Running Through Unilateral Greek Exit Scenarios

by: Edward Harrison

I wrote this outline for Italy in November before the ECB’s Italian job. I didn’t and still don’t see an Italian exit or default as a baseline. However, a Greek exit for the eurozone has been my baseline for a number of months. Citigroup’s Willem Buiter has talked a lot about this recently. He and his colleagues call it "Grexit". Business Insider’s Simone Foxman has a good synopsis of that view.

Here’s how I see it happening, based on my Italian default post.

  1. Plan. The Greek government can plan for a redenomination into New Drachma in secret that takes advantage of the Greek law jurisdiction over their sovereign debt obligations.
  2. Law. “Euroization” would remain in place and the euro would continue as the currency of physical payment. However, New Drachma would become the national currency, pegged at 340.75, exactly the same rate as the Drachma was fixed on 19 June 2000 and converted into euros on 1 January 2002. All debt under Greek law would be redenominated into New Drachma at the 340.75 New Drachma exchange rate peg. This would effectively bring us back to 31 December 2001 for Greece.
  3. Taxes. The government would announce that henceforth it will tax exclusively in New Drachma. All municipal governments would be required by law to tax in New Drachma.
  4. Banks. Like the Argentines before them, the Greek government would convert all euro bank accounts legally into New Drachma. The systems would process as if it were euros because of the fixed peg, but legally the money would be New Drachma. This would make the Greek economy “euroized” but make the banking system redenominated into New Drachma.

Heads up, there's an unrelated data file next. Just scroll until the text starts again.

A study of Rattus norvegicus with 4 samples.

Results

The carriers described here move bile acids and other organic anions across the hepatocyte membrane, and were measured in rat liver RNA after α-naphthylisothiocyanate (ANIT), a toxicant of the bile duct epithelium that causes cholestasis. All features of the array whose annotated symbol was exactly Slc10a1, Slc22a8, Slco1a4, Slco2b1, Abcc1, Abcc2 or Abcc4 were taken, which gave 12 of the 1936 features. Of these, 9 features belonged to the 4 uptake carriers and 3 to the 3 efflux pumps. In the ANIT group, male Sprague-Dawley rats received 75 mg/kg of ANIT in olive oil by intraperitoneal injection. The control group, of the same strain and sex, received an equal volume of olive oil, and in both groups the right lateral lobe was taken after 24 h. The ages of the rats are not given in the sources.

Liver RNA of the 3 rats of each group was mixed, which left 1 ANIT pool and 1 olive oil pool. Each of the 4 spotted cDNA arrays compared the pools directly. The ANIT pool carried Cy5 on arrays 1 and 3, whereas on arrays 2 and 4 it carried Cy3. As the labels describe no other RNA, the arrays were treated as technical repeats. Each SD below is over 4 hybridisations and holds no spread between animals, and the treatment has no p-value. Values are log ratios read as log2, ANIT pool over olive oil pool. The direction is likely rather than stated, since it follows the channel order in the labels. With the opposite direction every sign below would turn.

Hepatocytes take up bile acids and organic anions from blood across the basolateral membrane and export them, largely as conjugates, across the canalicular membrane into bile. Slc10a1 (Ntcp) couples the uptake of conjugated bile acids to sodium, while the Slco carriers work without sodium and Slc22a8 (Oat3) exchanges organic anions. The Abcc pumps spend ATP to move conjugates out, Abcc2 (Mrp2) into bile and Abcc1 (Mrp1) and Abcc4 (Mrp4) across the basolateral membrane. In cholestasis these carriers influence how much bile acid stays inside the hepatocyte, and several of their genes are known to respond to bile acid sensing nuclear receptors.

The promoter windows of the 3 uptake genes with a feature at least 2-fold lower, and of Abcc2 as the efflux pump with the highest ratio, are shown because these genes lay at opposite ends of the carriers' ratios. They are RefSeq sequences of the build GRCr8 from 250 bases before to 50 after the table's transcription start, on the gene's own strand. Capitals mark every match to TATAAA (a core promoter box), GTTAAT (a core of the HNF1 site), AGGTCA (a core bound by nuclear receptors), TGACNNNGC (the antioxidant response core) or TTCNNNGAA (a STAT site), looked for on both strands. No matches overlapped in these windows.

5. Retail. Retailers, all sellers of Greek goods, would then be forced to return to the double accounting treatment of pre-2002 whereby they denominate all transactions in both Drachma and Euros. Again, the paper money would be euros and each euro would initially be worth 340.75 New Drachma. The electronic money would legally be New Drachma, even while the systems said euro.
  6. Float. On day one, immediately after redominating, the Greek government would drop the 340.75 New Drachma exchange rate peg and float the new Drachma as a freely floating currency. From that day forward, foreign currency adjustments would need to be made between euro and New Drachma.
  7. Physical currency. New Drachma would be printed by the Bank of Greece and introduced to replace euros.

When the present government loses re-election in a few months, the new government will have difficult decisions to make. One of these will be whether to rescind the austerity deal now being hammered out. If they do not accept the deal, Greece must then exit the euro zone.